An insulated box or room heated to liquefy honey.
A close relative of honey bees, usually in the family Vespidae; they are carnivorous, some species preying on bees (see also, Hornet).
The eight glands located on the last 4 visible, ventral abdominal segments of young worker bees; they secrete beeswax droplets.
Usually refers to the Greater Wax Moth, Galleria mellonella whose larvae bore through and destroy honeycomb as they eat out its impurities.
A drop of liquid beeswax that hardens into a scale upon contact with air; in this form it is shaped into comb.
Wax Tube Fastener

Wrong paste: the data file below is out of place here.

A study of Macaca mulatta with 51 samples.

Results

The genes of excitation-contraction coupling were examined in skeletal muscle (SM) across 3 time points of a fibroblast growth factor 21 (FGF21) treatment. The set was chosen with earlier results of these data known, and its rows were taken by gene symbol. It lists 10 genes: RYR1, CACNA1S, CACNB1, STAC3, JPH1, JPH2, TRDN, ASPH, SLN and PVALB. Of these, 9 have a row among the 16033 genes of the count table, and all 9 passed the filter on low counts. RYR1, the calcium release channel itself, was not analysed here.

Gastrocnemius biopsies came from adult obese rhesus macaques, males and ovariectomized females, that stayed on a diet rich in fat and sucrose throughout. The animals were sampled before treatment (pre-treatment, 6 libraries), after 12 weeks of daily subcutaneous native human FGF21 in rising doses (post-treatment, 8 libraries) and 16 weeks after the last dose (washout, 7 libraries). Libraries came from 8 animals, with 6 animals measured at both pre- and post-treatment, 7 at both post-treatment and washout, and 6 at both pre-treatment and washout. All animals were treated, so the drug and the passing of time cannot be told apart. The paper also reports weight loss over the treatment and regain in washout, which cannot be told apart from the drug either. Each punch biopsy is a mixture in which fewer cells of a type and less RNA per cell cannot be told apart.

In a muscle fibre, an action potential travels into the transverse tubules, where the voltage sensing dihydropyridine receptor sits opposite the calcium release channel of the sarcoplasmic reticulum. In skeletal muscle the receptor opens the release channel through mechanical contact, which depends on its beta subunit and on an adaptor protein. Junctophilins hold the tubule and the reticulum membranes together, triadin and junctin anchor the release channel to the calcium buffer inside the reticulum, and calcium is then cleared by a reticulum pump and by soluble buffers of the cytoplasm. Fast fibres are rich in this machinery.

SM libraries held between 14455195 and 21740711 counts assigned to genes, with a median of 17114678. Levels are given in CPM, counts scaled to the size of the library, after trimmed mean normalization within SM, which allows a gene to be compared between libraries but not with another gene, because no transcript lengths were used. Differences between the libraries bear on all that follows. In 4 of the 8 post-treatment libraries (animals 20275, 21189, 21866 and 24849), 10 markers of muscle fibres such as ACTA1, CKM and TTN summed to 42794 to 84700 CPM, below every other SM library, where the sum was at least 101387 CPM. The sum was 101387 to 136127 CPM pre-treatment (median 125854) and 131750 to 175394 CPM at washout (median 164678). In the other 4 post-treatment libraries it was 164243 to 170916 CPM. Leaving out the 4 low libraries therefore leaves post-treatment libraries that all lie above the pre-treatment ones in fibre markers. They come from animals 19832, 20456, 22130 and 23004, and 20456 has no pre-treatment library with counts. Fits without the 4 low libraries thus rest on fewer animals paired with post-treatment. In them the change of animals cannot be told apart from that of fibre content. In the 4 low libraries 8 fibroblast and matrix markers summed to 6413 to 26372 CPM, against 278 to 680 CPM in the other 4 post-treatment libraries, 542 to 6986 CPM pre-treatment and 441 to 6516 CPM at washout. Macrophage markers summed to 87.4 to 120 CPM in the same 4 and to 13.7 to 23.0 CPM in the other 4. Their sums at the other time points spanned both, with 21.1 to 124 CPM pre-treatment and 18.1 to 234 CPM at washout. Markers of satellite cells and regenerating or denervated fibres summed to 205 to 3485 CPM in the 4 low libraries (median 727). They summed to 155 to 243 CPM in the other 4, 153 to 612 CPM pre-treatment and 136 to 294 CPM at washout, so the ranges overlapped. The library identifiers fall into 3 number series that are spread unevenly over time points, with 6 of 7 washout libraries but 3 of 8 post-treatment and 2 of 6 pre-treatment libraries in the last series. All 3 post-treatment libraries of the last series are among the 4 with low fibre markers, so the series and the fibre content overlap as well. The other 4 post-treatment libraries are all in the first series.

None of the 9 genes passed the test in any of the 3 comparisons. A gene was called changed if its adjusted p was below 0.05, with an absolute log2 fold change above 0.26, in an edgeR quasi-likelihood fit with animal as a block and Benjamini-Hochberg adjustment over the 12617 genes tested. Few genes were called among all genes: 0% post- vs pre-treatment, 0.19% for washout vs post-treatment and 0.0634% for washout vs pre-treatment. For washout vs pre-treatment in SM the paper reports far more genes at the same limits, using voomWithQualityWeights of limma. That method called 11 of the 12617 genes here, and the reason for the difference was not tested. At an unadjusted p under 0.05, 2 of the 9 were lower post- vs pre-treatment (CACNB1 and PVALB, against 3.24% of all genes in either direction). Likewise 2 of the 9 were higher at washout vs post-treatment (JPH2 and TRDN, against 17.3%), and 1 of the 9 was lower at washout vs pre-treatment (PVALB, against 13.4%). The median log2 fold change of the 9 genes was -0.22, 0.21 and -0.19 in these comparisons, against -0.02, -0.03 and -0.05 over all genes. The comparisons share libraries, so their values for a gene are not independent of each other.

A metal tube for applying a fine stream of melted wax to secure a sheet of foundation to an un-grooved frame.
Plants whose flowers manufacture light pollen (and usually no nectar) which is released into the air to fall by chance on a receptive stigma; examples include the grasses (corn, oats) and conifers (pines).
Specially constructed, or naturally occurring barriers to reduce the force of the (winter) winds on a beehive.
A tight ball of bees within the hive to generate heat; forms when outside temperature falls below 57 degrees F.
The ability of some strains of honeybees to survive long winters by frugal use of stored honey.
Wire Cone Escape
A one-way cone formed by window screen mesh used to direct bees from a house or tree into a temporary hive.
Thin 28# wire used to reinforce foundation destined for the broodnest or honey extractor.
Infertile female bee whose reproductive organs are only partially developed, responsible for carrying out all the routine of the colony.